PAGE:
Using Cantonese in HSK


Well I finally decided to start on Cantonese today! :tong i am aware that there is no HSK equivalent standardised test for Cantonese, and also aware that written Cantonese is essentially the same as the written form of 'standard Chinese'. However I'm still not sure to what extent written Cantonese is the same as standard 'written Chinese' (ie. the 白話文、 文言文 etc. taught under the name of 'Mandarin').

 

so here's my hypothetical question: if you have never studied Mandarin, but have studied Cantonese to a high level, or if Cantonese is your native tongue, could you take an hsk exam and still have a chance at passing?

 

obviously the listening is a write off, as it is 'oral', stylistically speaking, and of course the pronunciation is totally different. looking at the HSK 6, with a pass at 180/300, and a total of 200 marks available for reading and writing, would it be fair to say it is theoretically possible for a Cantonese speaker to take an HSK exam and pass, purely due to the written forms of these languages being so similar, and that there is no oral section?

 

Sorry if this is a dumb question and the answer is obvious. I'm not planning on doing this or anything, just a question i was thinking about and was interested what people might have to say.

  • Good question! 2


Cantonese and other non-Mandarin varieties are in a diglossic relationship with Mandarin. When Cantonese speakers write, they usually (attempt to) write 100% Mandarin. However, because many don't speak Mandarin, they read the characters aloud in Cantonese when they read texts written in Mandarin. However, the language they speak when they read aloud isn't really a language, but part of one language and part of another. An analogy would be reading (German) "mein Deutsch ist sehr schlecht" aloud as "mine Dutch is sore slight." Clearly, this isn't a language because no one ever spoke this way.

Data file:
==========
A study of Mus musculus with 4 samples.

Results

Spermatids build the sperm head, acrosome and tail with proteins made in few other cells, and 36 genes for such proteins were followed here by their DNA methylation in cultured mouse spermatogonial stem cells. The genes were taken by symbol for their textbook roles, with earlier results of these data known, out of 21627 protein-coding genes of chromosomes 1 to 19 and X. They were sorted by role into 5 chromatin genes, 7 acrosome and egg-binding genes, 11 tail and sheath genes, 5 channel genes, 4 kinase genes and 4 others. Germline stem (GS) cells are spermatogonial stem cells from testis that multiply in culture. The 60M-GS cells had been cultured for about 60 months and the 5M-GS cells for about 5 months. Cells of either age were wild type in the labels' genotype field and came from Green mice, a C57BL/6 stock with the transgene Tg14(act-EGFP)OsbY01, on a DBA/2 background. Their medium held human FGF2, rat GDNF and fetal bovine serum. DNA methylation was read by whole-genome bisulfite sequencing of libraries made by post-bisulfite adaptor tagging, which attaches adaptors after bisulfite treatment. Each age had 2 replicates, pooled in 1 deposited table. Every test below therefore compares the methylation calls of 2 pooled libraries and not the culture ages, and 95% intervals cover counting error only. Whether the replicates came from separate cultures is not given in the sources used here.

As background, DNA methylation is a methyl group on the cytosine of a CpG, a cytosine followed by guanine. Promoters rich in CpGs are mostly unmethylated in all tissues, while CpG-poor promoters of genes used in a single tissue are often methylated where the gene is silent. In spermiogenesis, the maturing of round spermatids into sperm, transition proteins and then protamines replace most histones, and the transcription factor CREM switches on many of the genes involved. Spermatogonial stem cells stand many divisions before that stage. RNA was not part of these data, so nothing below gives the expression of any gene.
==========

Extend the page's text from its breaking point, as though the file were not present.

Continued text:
This situation is potentially confusing for a layperson, more so for a Chinese speaker (as Chinese varieties share the same script), so they explain it as you have, that all Chinese varieties are written the same way, and not just with the same script.


Other than facebook posts, there really isn't anywhere to read written Cantonese. With regards to can you pass reading and writing section of the HSK if you only speak Cantonese but can read "Chinese", looking at the population of Hong Kong, the majority of the population should easily pass, the only problems being the simplifed text.


 

There are numerous magazines, websites, and even books from Hong Kong that use written Cantonese. Many, if not most, of the adverts these days on the mtr use some amount of written Cantonese. And of course people use various combinations of standard Chinese and written Cantonese when communicating online. Written Cantonese is very common in HK.